You may have heard about last week’s Assembly Local Government Committee hearing, during which Assembly Member Tony Mendoza presented his Assembly Bill 155 for the Committee’s consideration.

Sponsored by the California Professional Firefighters and the CDF Firefighters Local 2881, AB 155 would, in its present form, require municipalities (counties, cities, and special districts) to seek approval from the California Debt and Investment Advisory Commission (CDIAC) prior to seeking bankruptcy protection in federal court.  Essentially, CDIAC would be able to approve or disapprove a municipality’s desire to exercise its right to file a petition under federal Chapter 9.

Last Friday’s Sacramento Bee editorial outlines the dynamic involved.   The bill results from the recent bankruptcy filing by the City of Vallejo, a move that two of the city’s employee unions opposed.  These two groups have challenged the City’s claim of insolvency, as well as a recent decision by the federal bankruptcy court that bankruptcy code and California law authorizes the City to reject collective bargaining agreements.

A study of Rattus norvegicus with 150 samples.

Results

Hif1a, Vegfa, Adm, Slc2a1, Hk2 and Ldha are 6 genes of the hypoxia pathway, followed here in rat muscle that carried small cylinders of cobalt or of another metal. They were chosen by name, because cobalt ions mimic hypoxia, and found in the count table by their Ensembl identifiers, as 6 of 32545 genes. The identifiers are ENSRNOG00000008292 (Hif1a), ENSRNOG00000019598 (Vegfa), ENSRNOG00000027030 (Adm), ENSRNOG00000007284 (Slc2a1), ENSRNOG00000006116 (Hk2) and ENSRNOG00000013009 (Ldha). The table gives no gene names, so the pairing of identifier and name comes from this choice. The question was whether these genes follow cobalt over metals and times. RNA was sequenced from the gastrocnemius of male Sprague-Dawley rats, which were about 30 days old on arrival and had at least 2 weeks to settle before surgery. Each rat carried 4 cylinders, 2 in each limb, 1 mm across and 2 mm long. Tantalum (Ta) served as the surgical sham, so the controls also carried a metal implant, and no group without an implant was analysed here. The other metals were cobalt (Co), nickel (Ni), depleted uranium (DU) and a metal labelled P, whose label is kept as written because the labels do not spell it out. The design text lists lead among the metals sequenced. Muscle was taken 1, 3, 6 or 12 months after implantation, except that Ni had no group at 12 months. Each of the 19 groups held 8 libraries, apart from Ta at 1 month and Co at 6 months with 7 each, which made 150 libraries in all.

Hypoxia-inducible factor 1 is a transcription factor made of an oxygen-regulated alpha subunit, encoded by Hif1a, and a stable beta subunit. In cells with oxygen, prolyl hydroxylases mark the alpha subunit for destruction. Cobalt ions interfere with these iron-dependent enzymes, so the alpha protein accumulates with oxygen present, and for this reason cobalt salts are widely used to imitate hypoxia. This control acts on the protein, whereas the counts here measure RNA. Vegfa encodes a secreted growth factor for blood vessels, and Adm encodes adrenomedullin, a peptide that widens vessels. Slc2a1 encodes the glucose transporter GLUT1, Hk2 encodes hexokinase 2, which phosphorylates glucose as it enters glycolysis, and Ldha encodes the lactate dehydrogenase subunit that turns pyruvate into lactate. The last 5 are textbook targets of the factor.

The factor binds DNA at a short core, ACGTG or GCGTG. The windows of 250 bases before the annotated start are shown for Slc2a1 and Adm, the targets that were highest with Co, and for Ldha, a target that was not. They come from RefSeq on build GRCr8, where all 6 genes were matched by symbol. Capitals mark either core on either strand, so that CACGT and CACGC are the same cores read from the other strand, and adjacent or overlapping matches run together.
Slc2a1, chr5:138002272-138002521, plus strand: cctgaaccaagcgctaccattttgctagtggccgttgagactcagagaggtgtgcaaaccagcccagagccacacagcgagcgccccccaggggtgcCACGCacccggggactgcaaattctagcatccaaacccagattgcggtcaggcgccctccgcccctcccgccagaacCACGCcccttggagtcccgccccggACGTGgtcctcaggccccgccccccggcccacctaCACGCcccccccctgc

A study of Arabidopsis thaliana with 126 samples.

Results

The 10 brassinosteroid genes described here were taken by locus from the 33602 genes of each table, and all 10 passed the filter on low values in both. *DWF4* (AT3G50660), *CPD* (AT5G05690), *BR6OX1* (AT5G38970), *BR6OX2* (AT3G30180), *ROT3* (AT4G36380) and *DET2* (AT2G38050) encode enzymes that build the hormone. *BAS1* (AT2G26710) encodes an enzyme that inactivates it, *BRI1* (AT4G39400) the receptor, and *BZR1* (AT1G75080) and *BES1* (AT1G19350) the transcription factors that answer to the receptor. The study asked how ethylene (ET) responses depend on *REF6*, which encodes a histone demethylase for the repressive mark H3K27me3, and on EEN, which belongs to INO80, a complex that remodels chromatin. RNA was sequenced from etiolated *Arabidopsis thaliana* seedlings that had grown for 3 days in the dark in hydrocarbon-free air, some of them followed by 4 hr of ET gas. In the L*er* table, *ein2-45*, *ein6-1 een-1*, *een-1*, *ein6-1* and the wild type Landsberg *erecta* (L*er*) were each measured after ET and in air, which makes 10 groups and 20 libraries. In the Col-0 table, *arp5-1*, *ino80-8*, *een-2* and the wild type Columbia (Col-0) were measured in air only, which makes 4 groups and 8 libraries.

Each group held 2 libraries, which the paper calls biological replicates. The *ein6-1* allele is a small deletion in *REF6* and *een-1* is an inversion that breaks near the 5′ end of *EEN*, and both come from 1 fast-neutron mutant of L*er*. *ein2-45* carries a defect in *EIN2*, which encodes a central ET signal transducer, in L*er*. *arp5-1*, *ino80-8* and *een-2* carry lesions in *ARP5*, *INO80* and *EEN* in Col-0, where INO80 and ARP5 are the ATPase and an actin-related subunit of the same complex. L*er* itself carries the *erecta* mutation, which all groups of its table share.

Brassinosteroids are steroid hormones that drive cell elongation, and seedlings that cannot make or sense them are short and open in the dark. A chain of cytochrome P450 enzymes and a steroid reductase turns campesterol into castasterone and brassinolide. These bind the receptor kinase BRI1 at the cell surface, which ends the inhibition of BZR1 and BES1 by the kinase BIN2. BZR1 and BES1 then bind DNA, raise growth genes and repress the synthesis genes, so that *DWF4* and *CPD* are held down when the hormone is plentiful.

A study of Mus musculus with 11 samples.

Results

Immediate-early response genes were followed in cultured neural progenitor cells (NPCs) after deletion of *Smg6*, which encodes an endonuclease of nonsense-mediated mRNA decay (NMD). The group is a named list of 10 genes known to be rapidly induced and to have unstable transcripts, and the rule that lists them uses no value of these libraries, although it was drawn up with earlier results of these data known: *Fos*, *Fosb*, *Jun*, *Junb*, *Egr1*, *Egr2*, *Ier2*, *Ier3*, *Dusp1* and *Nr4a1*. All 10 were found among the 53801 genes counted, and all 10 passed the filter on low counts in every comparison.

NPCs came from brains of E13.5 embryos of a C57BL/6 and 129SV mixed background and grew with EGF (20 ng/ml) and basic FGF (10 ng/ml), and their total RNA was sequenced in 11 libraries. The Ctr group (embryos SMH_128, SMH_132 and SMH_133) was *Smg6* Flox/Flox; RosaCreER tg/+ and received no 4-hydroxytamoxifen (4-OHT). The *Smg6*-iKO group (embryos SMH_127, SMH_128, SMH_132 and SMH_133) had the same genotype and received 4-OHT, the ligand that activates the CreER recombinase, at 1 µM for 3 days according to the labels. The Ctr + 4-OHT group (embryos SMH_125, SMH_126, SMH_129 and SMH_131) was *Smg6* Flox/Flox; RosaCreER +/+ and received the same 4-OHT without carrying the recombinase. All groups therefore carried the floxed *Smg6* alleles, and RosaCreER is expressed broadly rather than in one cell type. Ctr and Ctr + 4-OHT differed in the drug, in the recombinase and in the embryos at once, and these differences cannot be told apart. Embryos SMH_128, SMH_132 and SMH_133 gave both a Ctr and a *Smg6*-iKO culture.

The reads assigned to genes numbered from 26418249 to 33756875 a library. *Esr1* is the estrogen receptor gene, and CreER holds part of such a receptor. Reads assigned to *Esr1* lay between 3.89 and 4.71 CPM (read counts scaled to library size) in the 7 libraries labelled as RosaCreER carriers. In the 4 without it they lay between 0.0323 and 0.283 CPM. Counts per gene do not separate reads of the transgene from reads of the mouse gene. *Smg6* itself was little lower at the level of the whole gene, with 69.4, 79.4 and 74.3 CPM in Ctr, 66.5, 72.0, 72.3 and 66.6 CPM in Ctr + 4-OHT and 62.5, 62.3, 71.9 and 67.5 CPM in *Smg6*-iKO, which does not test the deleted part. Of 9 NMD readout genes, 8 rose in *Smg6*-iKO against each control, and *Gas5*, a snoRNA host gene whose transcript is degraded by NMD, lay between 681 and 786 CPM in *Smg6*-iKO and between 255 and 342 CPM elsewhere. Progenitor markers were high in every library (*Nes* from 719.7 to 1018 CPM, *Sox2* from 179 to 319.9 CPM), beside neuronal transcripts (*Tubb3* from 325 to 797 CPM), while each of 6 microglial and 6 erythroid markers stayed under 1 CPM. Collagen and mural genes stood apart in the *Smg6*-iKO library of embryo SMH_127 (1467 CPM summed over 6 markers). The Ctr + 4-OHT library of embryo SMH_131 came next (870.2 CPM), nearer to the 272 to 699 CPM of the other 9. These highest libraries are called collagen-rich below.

AB 155, however, reaches far beyond the current situation in Vallejo and anticipates rampant bankruptcy filings by municipalities in this time of economic crisis.  CSAC has argued, along with the League of California Cities, the Urban Counties Caucus, and the Regional Council of Rural Counties, among others, that bankruptcy is the option of last resort for communities facing a fiscal crisis.  Not only do we reject the notion that local agencies will be seeking Chapter 9 protection en masse, we reject a supposed remedy that places the state as the final decision-maker and further politicizes the decision to turn to the bankruptcy court.  The process envisioned under AB 155 is time-consuming, costly, duplicative, and may result in greater fiscal harm to a local agency than would have occurred had the agency gone directly to federal court.  At a time when we should be looking to trim the state bureaucracy, this bill would add to it.

AB 155 was voted out of the Assembly Local Government Committee on a 4-3 vote.  Assembly Members Juan Arambula, Steve Knight, and Mike Duvall voted “no” on the bill and deserve our thanks.  AB 155 now moves to the Assembly Appropriations Committee for consideration.  CSAC is urging counties to communicate their opposition with this bill to their legislative delegation.  We have drafted a sample letter (attached) for your use.  CSAC’s letters can be found online using our legislative tracking tool.  AB 155 is truly one of the most troubling pieces of local government legislation to surface this session and will require direct communication with legislators to keep the pressure on.  Write or call today.